Portal Do Inferno

Adilson C. Fernandes (voc), Edson C. David (git), João Bosco F. Melo (dr), Edson Kid (bs), Marcos Furuta (git)

format: LP Side A:
  1. Portal Do Inferno
  2. Silêncio
  3. Cortina De Ferro

Side B:

  1. Chacal
  2. Sacrifice
  3. Judas Iscariot
  4. Thanatous
year: 1987
country: Brazil
label: Rock Brigade Records
#: RBR-120/87
insert: no
edition: ?
rarity: 6/10

It will only take a few bars of the opening title track for you to anxiously glance at your turntable and wonder if you forgot to reset the speed from 45 to 33 rpm since the last 7" session. Not because it's a particularly fast tune - it's actually one of the more restrained ones - but because the mix and especially the drums sound distinctly 45rpm'y. Yeah, it's Brazilian 80's alright, not the thundering Sodom/Bathory stuff of much kulticum, but their traditional HM school we know from the seminal S.P. Metal comps. As always (if you have at least a modicum of 'Exotic Metal' familiarity) your ears will have adjusted to the abuse by the second verse. "Portal Do Inferno" is not your typical Opening Title Track in that it's fairly unremarkable and I would even go so far as stating it's the weakest one on the album. Its quaint Accept-riffs and NWOBHM harmonies are solid enough keep you paying attention though, and serves as a logical bridge from their homely debut MLP from 2 year prior and this superior product. The tempo shifts down a gear on the more melancholic "Silêncio". Great vocal harmonies and touches of old Manowarian epicness, if ever so subtle. The latter spills over into the intro of "Cortina De Ferro", but the song quickly developes into more of a Speed Metal affair.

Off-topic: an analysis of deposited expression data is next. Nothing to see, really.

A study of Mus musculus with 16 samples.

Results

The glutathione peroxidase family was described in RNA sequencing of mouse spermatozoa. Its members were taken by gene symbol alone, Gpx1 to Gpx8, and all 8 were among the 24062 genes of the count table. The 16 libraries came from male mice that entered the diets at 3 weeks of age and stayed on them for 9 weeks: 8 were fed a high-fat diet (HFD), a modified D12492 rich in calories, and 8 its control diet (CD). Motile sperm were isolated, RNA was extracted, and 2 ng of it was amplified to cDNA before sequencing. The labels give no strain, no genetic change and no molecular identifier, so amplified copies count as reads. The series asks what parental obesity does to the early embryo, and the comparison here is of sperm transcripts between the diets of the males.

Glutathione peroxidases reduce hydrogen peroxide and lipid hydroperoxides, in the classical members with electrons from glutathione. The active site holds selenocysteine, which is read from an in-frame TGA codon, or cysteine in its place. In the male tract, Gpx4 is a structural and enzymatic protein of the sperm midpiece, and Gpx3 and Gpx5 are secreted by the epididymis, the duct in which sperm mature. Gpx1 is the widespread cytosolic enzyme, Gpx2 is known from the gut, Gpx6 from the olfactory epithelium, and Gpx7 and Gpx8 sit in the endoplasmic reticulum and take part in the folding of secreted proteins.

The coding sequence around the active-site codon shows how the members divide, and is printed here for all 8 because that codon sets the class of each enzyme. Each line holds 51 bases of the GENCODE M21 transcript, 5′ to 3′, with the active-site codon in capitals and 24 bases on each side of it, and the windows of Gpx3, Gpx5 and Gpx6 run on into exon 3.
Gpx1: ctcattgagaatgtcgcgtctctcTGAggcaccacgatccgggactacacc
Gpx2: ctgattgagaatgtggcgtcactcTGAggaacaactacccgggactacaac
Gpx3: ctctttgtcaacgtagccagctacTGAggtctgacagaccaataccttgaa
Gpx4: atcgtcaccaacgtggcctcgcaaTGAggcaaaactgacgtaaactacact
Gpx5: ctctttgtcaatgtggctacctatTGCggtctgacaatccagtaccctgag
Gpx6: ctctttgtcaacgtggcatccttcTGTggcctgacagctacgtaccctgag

Side B opens with the highlight of the album, another speeder named "Chacal", delivering some delicious guitar noise over the aggressive chorus. And then there's the mystery track. I could spend weeks trying to figure out exactly which rock-laden NWOBHM-act they've chosen to cover here, but I could all be time wasted since it's entirely possible this more melodic English piece is just their way of showing off their wide repertoir. No special writing credits are present, but if I were to take a gander I'd say some lost Gaskin or early TOPT composition. To further prove my suspicions and the contrast between this one and their 'regular' songs, "Judas Iscariot" takes us back to prime AT-Metal. Man, they really sound like they're in a hurry here, and it's not even a Speed Metal tune. They wrap up with an instrumental and as often is the case it could have been an even better epilogue with some vocals. Despite the excellent guitar hamonies and tasty Manilla Road/Manowar-style riffing it kinda flies by and leaves you standing at the platform without a proper hand shake, Goodbye and Thanx-for-a-great-weekend. Heartless crooks...

So, is "Portal Do Inferno" a great album? Well, let's just say it's in the top-5 of Brazilian traditional HM releases of olde and weather that makes it a must-buy or not is more a matter of personal interest in 'Exotic Metal'-discovery and curiosity.